Five-pin billiards is a today usually a carom but sometimes still a pocket form of cue sport, popular especially in Italy and Argentina but also in some other parts of Latin America and Europe, with international, televised professional tournaments. The game is sometimes referred to as Italian five-pins or Italian billiards.
24 Random Essential Billiards Terms
In snooker, the pocket nearest the yellow spot.
Australian: Defeated with all seven of one's object balls (in blackball or eight-ball) remaining on the table.
This describes a shot in snooker where the cue contacts more than one object ball.
Also straight eight-ball. Same as bar pool. Not to be confused with the games of straight pool or straight rail.
A form of Carom billiards for the masters of the game. Played the same way with two cue balls and a single object ball. Except, in between hitting the opponent's cue ball and the object ball your cue ball must bounce off of three rails (this game is played with an unpocketed specially sized table).
This is the portion of the butt of your cue just below the handle or wrap. This portion of the cue is made separately and often times cored out to ensure the proper weight balance within the full length of the cue. This portion of the cue is usually made with exotic wood that matches the wood in the forearm or in the points on the forearm. This section is used to highlight the design of the forearm, sometimes a re-creation, a reverse, or a rendition of the same pattern on a smaller scale.
Area on the corner of a carom table, which is defined by a line between the second diamond on the side rail and the first diamond on the end rail, where only three successive points are allowed before the object ball must be cleared out of the area.
This is to intentionally foul by slightly moving the ball, or playing another type of illegally defensive shot in a game where the ball is just turned over to the other player. Like in one pocket, you still take the foul, but can leave the other player with a challenging shot.
When two or more object balls are frozen or nearly frozen, such that cue-ball contact with one object ball, without the necessity of great accuracy, will almost certainly pocket an intended object ball in the cluster. The most common form of dead arrangements are the dead combination or dead combo (a combination shot in which contact with the first object ball will pocket another one), and the dead kiss, in which contact with the first object ball will pocket it off of another one. See also wired.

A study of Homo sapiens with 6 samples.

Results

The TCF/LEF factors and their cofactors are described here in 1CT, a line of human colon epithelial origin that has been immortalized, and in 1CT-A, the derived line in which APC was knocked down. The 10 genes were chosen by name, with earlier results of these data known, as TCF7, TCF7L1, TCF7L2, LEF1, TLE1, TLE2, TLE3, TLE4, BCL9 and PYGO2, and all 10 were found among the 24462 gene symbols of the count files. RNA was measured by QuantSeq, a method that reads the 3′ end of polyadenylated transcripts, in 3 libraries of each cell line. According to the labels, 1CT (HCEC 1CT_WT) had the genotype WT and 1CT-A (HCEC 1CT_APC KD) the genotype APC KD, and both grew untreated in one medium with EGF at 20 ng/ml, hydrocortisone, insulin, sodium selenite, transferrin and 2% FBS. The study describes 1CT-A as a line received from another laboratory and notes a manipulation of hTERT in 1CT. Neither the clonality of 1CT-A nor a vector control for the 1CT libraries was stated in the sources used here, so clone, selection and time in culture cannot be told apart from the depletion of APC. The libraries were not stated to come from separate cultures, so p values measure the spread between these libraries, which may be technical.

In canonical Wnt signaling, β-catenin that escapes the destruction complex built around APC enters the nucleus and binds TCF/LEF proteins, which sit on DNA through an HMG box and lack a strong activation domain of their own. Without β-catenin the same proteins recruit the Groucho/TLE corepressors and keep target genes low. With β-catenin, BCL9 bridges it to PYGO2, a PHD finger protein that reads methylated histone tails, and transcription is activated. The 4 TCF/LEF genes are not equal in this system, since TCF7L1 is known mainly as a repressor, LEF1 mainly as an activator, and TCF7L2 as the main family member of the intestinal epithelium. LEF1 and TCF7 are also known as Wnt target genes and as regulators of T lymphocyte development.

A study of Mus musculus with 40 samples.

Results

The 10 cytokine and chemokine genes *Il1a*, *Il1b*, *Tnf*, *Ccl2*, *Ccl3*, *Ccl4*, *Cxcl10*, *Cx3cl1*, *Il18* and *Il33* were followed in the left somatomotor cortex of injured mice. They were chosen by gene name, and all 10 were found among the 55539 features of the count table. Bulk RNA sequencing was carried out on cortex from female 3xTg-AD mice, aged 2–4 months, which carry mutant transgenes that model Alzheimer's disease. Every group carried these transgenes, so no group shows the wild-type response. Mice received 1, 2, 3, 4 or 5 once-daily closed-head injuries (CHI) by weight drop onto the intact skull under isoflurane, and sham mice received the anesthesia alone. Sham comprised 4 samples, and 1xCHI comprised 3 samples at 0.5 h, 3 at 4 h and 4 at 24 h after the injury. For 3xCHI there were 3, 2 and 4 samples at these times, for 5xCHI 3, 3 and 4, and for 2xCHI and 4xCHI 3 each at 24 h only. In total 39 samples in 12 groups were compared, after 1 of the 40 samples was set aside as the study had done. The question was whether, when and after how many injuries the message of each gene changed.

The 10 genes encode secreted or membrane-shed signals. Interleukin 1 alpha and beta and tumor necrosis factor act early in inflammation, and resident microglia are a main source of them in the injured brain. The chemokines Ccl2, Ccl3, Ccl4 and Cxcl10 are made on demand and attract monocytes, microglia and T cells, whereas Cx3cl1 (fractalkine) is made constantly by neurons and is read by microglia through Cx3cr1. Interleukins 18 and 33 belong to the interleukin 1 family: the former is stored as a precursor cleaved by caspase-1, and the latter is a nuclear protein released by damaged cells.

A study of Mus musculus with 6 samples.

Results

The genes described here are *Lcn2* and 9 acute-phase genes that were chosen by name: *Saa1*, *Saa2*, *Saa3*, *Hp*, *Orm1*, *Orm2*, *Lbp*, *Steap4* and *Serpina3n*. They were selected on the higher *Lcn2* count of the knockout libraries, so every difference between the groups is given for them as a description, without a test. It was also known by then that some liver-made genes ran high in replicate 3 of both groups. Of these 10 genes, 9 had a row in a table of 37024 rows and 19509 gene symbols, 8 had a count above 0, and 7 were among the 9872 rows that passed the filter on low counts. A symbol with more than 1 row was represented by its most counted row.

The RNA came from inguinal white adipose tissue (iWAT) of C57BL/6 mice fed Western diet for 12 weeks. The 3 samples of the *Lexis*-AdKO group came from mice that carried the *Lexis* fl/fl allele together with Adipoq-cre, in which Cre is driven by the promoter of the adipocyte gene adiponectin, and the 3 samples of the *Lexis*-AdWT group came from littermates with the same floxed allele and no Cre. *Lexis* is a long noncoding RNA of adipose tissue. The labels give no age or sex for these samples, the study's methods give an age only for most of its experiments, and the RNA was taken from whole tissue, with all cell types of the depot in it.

21d 6h 2m 46s
15d 4h 1m 53s
11d 16h 33m 41s
The placement of the balls, especially the cue ball, relative to the next planned shot. Also known as shape.
Derived from "sitting duck", usually referring to an object ball sitting close to a pocket or so positioned that is virtually impossible to miss. Same as hanger (US, colloquial), sitter (UK).
Three equally spaced diamonds are normally between each pocket on a pool table. On a carom table, the pockets themselves are replaced by additional diamonds. Diamonds get their name from the shape of the markings traditionally used; though many today are round, square, etc., these rail markings are still referred to as "diamonds".
In the carom games, any shot where the end result is all the balls near each other; ideally, in position for the start of a nurse on the next stroke.
Refers to a person gambling when he has no money. As in, "That jerk can't pay up, he was shooting air barrels the whole time".
1- Applying very powerful follow on the cue ball thereby causing the maximum amount of follow.
2- A powerful follow shot with a high degree of top spin on it; usually when the object ball being hit is relatively close to the cue ball and is being hit very full; also known as "prograde top spin" or "prograde follow" (when referring to the action on the shot rather than the shot per se), and as a "jenny" in Australia.
In snooker and British pool, the successful potting of all object balls-on in a single frame.
(Jack and Jill) Mixed doubles match (each team has one male and one female).
This is a fine powdery substance used to assist the sliding of the cue over the hand bridge.
Also topspin, top-spin, top. Same as follow. Contrast bottom spin, back spin.
30d 45m 30s
30d 45m 30s
14d 9h 20m 59s
This is a particular ball which lends itself to be used as a "blocker" or a "protector."
To use a particular ball as security by playing a safety or leaving it where it will act as one.
To intentionally rebound the cue ball off both of the pocket points to achieve position.
This is to execute a shot where the cue ball is controlled perfectly and stops where you want it to exactly.
In eight-ball, when all object balls are balls-on for either player.
A description of a break shot in which the rack (pack) is spread apart well. See also the open break requirement in some games' rules, including eight-ball and nine-ball.
In carom billiards, descriptive of play in which the balls are not gathered.
"Pocket billiards," or a game in which balls are shot into pockets.